Advanced Design Studio: Lynn
There is something inherently compelling about seeing parts become a whole during the manufacturing process. The culture of conspicuous consumption was created by the very process of observing and being in the shopping arcade or mall. The proposed project for a motor vehicle factory works under the notion that the new culture of conspicuous consumption arises from objectifying and demystifying the production process.
Motorcycles and scooters are social objects that inspire people to connect around a common passion. Motorbike enthusiasts have long congregated in informal spaces at a variety of scales, from public parking lots to the family garage. This new urban factory proposes to organize manufacturing functions, retail spaces, and maintenance facilities around a large central space so motorcycle and scooter fans can experience the manufacturing process while also providing a new type of informal space.
The large central void in the factory acts as a contemporary arcade and makes a spectacle of the retail and manufactory space. The canyon-like space is defined by sculpted walls and apertures that create a series of views. In addition to enlivening the main void, the views are arranged to allow a series of framed and layered peeks into the process. Motorcyclists visiting the building experience the factory by riding parallel to parts moving along the factory floor. The ground plane articulates where bikers, pedestrians and automated factory carts are meant to move as well as congregate.
Timber Market Hall
Nomination, H.I. Feldman Prize
This Timber Market Hall uses contemporary timber manufacturing technologies to express wood as a monolithic material. The structural assembly system is a series of large cantilevering box beams made of laminated timber trusses and cross-laminated timber panels. This allows for a thickened plan of deep wooden coffers supported on a field of hollow timber pylons. This material expression proposes a new vision for urban wood buildings in contrast with the typical use of wood in stick frame construction.
The Market Hall creates a large new public space that connects the Fairhaven Neighborhood to the waterfront and to the Timber Innovation District. The open plan of the first floor creates an uninterrupted connection from the Market Hall to the waterfront and allows for views of the Mill River Bridge and power plant. The second level is a grocery store accessed by a landscape stair that provides bleachers for the existing soccer field. Above this there is a housing tower containing apartments which open onto the roof garden and provide the residents with exterior yards for gardening and private recreation. A series of clerestory windows are set in the roof garden planting beds, allowing light to penetrate down to the market hall below.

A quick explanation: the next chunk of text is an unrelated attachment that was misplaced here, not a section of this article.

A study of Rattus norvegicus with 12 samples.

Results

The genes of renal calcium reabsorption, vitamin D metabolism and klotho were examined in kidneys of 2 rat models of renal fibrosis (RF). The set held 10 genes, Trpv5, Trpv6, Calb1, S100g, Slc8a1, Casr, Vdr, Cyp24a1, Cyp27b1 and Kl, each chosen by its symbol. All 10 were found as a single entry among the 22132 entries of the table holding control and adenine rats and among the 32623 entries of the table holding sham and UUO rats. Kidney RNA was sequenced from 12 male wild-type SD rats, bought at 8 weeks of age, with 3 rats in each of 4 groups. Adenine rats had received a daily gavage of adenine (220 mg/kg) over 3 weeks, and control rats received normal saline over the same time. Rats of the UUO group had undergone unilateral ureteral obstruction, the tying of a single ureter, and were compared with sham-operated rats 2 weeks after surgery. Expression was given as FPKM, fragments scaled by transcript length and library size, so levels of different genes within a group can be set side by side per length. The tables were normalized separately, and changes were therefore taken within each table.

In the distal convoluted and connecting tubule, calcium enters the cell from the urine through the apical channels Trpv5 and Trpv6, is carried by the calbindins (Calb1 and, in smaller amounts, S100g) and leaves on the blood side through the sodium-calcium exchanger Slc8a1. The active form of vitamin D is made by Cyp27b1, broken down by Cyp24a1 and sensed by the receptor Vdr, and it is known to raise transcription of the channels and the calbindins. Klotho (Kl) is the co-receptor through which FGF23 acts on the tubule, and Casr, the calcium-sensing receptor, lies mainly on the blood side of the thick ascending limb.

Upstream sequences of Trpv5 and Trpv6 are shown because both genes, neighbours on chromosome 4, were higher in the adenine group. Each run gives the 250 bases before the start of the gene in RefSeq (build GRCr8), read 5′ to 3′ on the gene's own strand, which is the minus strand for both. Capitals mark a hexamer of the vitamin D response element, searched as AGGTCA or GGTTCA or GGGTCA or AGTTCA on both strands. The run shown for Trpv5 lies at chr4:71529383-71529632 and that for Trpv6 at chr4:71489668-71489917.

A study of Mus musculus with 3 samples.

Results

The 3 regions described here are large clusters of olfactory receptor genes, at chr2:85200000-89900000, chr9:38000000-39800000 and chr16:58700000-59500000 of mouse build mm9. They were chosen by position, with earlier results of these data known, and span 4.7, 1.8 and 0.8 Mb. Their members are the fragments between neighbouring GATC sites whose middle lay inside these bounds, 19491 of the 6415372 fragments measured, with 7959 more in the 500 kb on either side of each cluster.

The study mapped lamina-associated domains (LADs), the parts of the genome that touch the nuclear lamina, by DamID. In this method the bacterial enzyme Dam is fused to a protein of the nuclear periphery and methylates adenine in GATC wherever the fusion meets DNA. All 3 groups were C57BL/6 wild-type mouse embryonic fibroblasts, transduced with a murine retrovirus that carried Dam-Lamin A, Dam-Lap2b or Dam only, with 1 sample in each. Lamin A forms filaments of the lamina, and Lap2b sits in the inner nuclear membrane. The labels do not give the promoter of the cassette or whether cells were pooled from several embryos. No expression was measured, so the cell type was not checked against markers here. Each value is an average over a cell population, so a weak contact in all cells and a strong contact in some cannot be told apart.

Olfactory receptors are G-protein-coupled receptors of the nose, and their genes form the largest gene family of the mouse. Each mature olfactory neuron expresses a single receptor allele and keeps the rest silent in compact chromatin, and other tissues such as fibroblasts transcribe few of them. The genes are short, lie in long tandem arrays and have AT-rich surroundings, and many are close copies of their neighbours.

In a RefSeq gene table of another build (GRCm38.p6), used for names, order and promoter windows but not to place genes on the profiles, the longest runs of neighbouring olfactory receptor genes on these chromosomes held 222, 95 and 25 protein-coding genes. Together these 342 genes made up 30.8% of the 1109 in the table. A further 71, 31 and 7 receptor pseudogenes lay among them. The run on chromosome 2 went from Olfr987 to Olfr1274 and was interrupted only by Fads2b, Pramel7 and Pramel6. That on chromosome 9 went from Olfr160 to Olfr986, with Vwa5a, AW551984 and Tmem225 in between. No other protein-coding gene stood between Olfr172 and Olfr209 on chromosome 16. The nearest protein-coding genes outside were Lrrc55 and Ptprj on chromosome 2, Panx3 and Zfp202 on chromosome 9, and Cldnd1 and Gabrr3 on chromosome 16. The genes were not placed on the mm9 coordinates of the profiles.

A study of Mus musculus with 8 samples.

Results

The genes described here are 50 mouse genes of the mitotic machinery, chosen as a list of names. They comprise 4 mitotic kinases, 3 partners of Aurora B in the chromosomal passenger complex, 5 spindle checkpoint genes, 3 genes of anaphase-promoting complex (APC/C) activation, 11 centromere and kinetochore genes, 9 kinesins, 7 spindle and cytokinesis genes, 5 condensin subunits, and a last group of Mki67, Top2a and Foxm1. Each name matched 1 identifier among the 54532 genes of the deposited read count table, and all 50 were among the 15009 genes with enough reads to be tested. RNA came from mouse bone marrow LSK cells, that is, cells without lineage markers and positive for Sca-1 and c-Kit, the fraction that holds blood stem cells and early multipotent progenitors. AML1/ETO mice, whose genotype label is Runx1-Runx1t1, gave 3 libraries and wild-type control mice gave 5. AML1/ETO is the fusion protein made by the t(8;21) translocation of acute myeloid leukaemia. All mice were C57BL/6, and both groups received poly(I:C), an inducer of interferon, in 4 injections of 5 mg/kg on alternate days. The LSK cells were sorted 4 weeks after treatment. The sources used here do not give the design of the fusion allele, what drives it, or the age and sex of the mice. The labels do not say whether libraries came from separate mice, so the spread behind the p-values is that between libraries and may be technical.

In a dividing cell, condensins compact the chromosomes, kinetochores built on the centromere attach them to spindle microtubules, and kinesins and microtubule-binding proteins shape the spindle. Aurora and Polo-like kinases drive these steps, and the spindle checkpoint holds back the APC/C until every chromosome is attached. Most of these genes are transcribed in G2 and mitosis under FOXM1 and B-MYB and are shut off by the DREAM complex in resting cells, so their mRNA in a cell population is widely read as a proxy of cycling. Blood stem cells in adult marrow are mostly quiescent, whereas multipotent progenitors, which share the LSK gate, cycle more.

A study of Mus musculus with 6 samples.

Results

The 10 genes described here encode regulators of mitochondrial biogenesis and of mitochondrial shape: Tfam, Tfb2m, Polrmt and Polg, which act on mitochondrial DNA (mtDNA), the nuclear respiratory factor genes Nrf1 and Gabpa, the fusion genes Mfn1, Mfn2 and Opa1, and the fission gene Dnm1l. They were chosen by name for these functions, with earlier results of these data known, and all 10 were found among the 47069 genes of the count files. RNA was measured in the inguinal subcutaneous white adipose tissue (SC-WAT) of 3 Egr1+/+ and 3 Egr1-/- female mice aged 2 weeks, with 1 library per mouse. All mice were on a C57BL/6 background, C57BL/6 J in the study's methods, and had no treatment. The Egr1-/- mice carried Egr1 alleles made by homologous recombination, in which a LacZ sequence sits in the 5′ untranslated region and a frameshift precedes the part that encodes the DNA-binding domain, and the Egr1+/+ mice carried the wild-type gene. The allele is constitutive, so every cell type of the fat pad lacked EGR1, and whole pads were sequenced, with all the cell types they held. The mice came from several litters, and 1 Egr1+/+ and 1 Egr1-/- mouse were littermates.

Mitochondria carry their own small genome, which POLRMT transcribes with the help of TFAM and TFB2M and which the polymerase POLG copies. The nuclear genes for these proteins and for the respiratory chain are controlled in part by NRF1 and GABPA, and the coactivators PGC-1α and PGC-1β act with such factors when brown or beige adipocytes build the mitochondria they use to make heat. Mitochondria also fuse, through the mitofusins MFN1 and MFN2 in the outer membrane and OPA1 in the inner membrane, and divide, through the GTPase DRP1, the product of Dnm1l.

Chapel St. Fire Stair
This project heightens one's experience of the Paul Rudolph stairwell by both contrasting and emphasizing the existing characteristics of the space. The step runs are irregular and the stair defies gravity through the brute force of monolithic concrete walls. This installation creates an ephemeral continuous shaft which contrasts with the materiality of the structure and the uneven cadence of the steps. Its light and airy structure is constructed out of layers of trace paper which demonstrate the effects of gravity as they stretch towards the ground. The installation reacts to these gravitational forces by displaying more structure at the top, where the tensile forces are the greatest. It was produced through a rapid digital fabrication technique in which stacks of trace paper were glued together and cut on the laser cutter. These parts were glued together and then unfurled to fill the open core of the stairwell.
Atomized Courtyard House
This prototype divides the sliver lot into a series of outdoor courtyards and indoor rooms. The courtyards vary in size depending on the needs of the adjacent rooms. Windows of each room face the courtyards allowing the walls facing the neighbors to be solid. This provides privacy that would otherwise be hard to achieve on such a narrow lot while still allowing light and air into each room. These prototypical design strategies can be adapted to the constraints of differing sliver lots and to the needs of the client.